Selig still set to retire after 2012 unless there's "an emergency"


  • Selig said that it is still his plan is to retire after the 2012
    season.  Which he has to reiterate, because he has already blown through a multiple putative retirement dates in the past, only to stay on longer.  He says this one is legit, however, unless there is “an emergency.”  Query: if baseball finds itself in an emergency in 2012, won’t it be because Bud steered the ship in that direction? If things are terrible then, it’s an even bigger reason for Bud to go.

  • Selig wants to tighten up the schedule. He said “I live in fear of November.” I’m assuming he means the weather. I know it will cost some money, but schedule a handful of doubleheaders during the season and cut out postseason days off and we’re in October every year.

  • Selig predicts that baseball’s revenue will be up around $7 billion for 2010, up from $6.5 billion in 2009.  Silly bald bloggers can make all the cracks we, er, I mean they want to at Selig’s expense, but the man has delivered in the one job he is truly tasked with doing: making money for the owners and keeping the game on a sound financial footing.
  • He dodged a question about the 2011 All-Star Game in Arizona. I’m not sure this is really an issue for anyone anymore. Suit has been filed over the immigration law, and an injunction will likely follow. It was a different story before then because people were concerned about the law being active, but now Selig should just say as much, defer to the legal and political process and be done with it.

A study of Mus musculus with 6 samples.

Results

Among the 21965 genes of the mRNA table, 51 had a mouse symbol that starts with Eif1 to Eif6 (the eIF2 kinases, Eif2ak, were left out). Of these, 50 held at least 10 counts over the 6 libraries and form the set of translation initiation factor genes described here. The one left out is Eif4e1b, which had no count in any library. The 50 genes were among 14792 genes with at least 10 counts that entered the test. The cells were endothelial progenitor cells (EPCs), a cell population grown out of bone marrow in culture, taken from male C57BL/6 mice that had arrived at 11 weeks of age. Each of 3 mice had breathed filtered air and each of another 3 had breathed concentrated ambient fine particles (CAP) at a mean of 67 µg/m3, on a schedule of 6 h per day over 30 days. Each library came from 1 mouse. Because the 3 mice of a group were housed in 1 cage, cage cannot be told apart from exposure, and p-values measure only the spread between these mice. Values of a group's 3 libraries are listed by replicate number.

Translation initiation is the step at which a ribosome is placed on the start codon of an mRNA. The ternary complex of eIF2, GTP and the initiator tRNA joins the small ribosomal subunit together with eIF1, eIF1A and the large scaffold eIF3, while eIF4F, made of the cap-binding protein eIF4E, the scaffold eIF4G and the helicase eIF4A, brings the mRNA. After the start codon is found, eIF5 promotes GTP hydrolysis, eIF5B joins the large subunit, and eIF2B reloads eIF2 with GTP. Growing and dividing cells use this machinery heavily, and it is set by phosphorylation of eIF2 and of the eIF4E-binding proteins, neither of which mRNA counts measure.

Overall not much to report from the Commissioner, I guess. Which in the business of baseball is a pretty good thing.

Hyun-Jin Ryu will open season in Dodgers’ rotation


Ryu, 30, missed the entire 2015 season and made only one start last season due to shoulder and elbow injuries. The lefty has looked solid in three spring appearances, however, yielding a lone run on five hits and a walk with eight strikeouts in nine innings.

With Scott Kazmir likely to begin the season on the disabled list, that leaves Alex Wood and Brandon McCarthy to battle it out for the fifth spot in the Dodgers’ rotation.

Jorge Soler diagnosed with strained oblique, Opening Day in doubt


The Royals acquired Soler from the Cubs in December in exchange for reliever Wade Davis. Over parts of three seasons with the Cubs, Soler hit .258/.328/.434 with 27 home runs and 98 RBI in 765 plate appearances.

When he’s healthy, Soler is expected to find himself in the Royals’ lineup as a right fielder and occasionally as a designated hitter.